By actively managing about 100 acres of hardwood forest, David Pogson figures he and his brother Barry’s sawmill sideline might eventually account for about one-third of their farm income within a decade.

Out of the seven-acre plot from which they are doing a managed harvest, they have already removed 30 cords of firewood in the form of crooked, dead, over-mature or otherwise undesirable trees as part of the timber stand improvement project’s first year.

Currently in year two, the Manitoba Agro Woodlot Program’s Best Management Practices or BMP harvest-incentive program is aimed at helping woodlot owners and loggers develop the skills necessary to develop a local, self-sustaining microforestry industry, said Shawn Dias, a woodlot forester and MAFRI business development specialist.

As part of the tour of a woodlot north of Mather last week, Dias showed how two seven-acre parcels of river bottom, hardwood forest could be managed to improve the yield and quality of timber harvested, as well as improving the stand’s value as wildlife habitat.


In January of last year, Dias and the Pogsons selectively cut in the first block; the second block has been flagged but not cut. Doing the work in winter with plenty of snowpack over frozen ground prevents damage and compaction to the forest floor. A 100-foot cable winch on the tractor helps them get the logs out using only narrow access trails.

The timber stand improvement harvest strategy is the opposite of the way logging is typically done. Instead of “high-grading,” which means cutting only the best and leaving the rest, the BMPs call for a “worst-first” strategy.

“The selection criteria is anything dead, diseased or dying,” said Dias, adding that it may also include thinning of trees that are growing too close together for optimal growth.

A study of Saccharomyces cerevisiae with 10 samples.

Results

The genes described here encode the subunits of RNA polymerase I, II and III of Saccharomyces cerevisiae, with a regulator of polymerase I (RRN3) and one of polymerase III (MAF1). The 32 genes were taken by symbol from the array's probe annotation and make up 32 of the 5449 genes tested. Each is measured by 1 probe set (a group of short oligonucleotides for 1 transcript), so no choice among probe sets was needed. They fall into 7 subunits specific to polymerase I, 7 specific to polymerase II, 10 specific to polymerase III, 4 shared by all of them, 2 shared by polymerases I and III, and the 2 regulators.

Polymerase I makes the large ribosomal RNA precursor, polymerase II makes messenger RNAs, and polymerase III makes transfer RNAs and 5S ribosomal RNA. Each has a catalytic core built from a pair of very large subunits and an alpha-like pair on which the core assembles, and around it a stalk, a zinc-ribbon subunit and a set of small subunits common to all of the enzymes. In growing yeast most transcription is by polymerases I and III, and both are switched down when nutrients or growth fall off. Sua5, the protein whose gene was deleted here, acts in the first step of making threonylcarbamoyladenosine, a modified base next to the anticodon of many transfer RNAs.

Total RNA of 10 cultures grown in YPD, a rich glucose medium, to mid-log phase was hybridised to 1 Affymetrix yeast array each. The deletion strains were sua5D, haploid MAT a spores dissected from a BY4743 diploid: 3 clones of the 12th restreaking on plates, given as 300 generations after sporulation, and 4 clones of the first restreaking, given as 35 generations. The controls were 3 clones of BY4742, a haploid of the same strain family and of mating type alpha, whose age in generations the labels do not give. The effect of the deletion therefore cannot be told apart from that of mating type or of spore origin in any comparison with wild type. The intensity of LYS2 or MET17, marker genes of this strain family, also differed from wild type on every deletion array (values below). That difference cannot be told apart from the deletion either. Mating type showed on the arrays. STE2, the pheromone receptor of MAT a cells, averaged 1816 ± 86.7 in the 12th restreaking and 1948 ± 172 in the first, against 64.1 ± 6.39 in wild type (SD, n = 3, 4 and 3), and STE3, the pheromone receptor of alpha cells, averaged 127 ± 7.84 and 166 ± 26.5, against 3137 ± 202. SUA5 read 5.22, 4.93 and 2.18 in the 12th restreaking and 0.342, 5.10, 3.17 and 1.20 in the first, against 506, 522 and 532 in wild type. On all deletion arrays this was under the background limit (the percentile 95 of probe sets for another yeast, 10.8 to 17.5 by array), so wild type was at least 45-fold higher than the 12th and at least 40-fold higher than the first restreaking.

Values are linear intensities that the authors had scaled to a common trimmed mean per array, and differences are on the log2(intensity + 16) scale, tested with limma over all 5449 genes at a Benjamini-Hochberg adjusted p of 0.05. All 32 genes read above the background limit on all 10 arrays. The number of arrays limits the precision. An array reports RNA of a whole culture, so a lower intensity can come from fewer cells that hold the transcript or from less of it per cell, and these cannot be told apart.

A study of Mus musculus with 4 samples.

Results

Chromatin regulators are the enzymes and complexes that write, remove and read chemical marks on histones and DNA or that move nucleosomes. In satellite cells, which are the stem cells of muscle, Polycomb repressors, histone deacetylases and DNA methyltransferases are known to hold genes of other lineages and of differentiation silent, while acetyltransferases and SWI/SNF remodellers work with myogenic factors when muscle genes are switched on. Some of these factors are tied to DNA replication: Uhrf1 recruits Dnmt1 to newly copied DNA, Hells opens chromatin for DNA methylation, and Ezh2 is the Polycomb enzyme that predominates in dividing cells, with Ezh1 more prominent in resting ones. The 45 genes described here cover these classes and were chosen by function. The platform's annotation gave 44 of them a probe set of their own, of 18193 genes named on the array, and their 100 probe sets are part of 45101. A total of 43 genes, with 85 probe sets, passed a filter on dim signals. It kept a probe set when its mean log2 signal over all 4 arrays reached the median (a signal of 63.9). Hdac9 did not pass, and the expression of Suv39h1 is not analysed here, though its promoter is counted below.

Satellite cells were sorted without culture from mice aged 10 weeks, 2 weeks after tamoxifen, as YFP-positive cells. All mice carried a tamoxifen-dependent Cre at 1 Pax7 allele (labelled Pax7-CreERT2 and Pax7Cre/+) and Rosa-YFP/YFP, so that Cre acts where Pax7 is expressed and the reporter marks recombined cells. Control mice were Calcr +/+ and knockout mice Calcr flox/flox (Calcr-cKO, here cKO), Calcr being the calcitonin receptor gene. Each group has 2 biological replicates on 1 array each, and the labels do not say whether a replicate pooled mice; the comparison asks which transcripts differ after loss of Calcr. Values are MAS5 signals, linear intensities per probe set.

“There’s a misconception that doing nothing is the best thing to do. But what we’ve found is that in certain circumstances, doing nothing is actually doing a disservice to your bush because your stand is slowly degrading.”

The first phase of the program generally involves mostly pulling firewood out, with the occasional good-quality saw log. In the years that follow, better logs might be taken.

To be eligible for the BMP harvest program, the woodlot must be a good-quality hardwood stand in a river valley setting. Those doing the logging – often the landowner and the logger is the same person – must have taken a chainsaw safety course and a two-day, low-impact logging course.

In return for a one-year commitment, the landowner gets an improved seven-acre timber stand and the logs harvested.


Compensation, a one-time payment of $390 per acre, is aimed at paying the logger for their time and effort. But the landowner must also contribute 25 per cent in cash or in kind, generally a share of the logs or firewood. Some landowner-loggers have used the cash to invest in equipment such as winches or grapple forwarders, he noted.

This year, the program has enough funding from the province’s climate change action plan to cover 57 acres of managed woodlots, expanding to 72 acres next year.

The Pogsons have been using the wood from the BMP block to heat their own buildings. But if they chose to sell it, prices generally rise and fall with the cost of heating oil.

Currently, oak firewood currently sells for over $200 per cord, while poplar brings as much as $180 per cord in Winnipeg.

For the Pogsons, fourth-generation farmers, using the bush as a source of income has a long tradition. Back in the days before green treated fence posts were available, Pogson’s grandfather cut and sold oak posts for fencing out of that same bush.


One winter during the Depression, he cut 10,000 posts and sold them to farmers living in the virtually treeless areas further south from the forested area near Rock Lake.

“That’s how he fed his family in the ’30s,” said Pogson. “Times were tough. And he didn’t have a chainsaw.”

The effect of his grandfather’s selective cutting of fence post-sized trees can still be seen, even some 80 years later by the absence of trees of a certain size.

“With Shawn and the Woodlot Association’s help, I’m hoping it will be an even better bush.”

MAFRI business development specialist Shane Tornblom said that although the culture of woodlot management historically never made it further west than Ontario, the program aims to change that for the benefit of farmers and rural communities.

“We’re not trying to tie this in with traditional industrial forestry. We’re trying to make this as close to the farm and rural communities as possible with the potential for producing high-quality products that they could sell into the urban market.”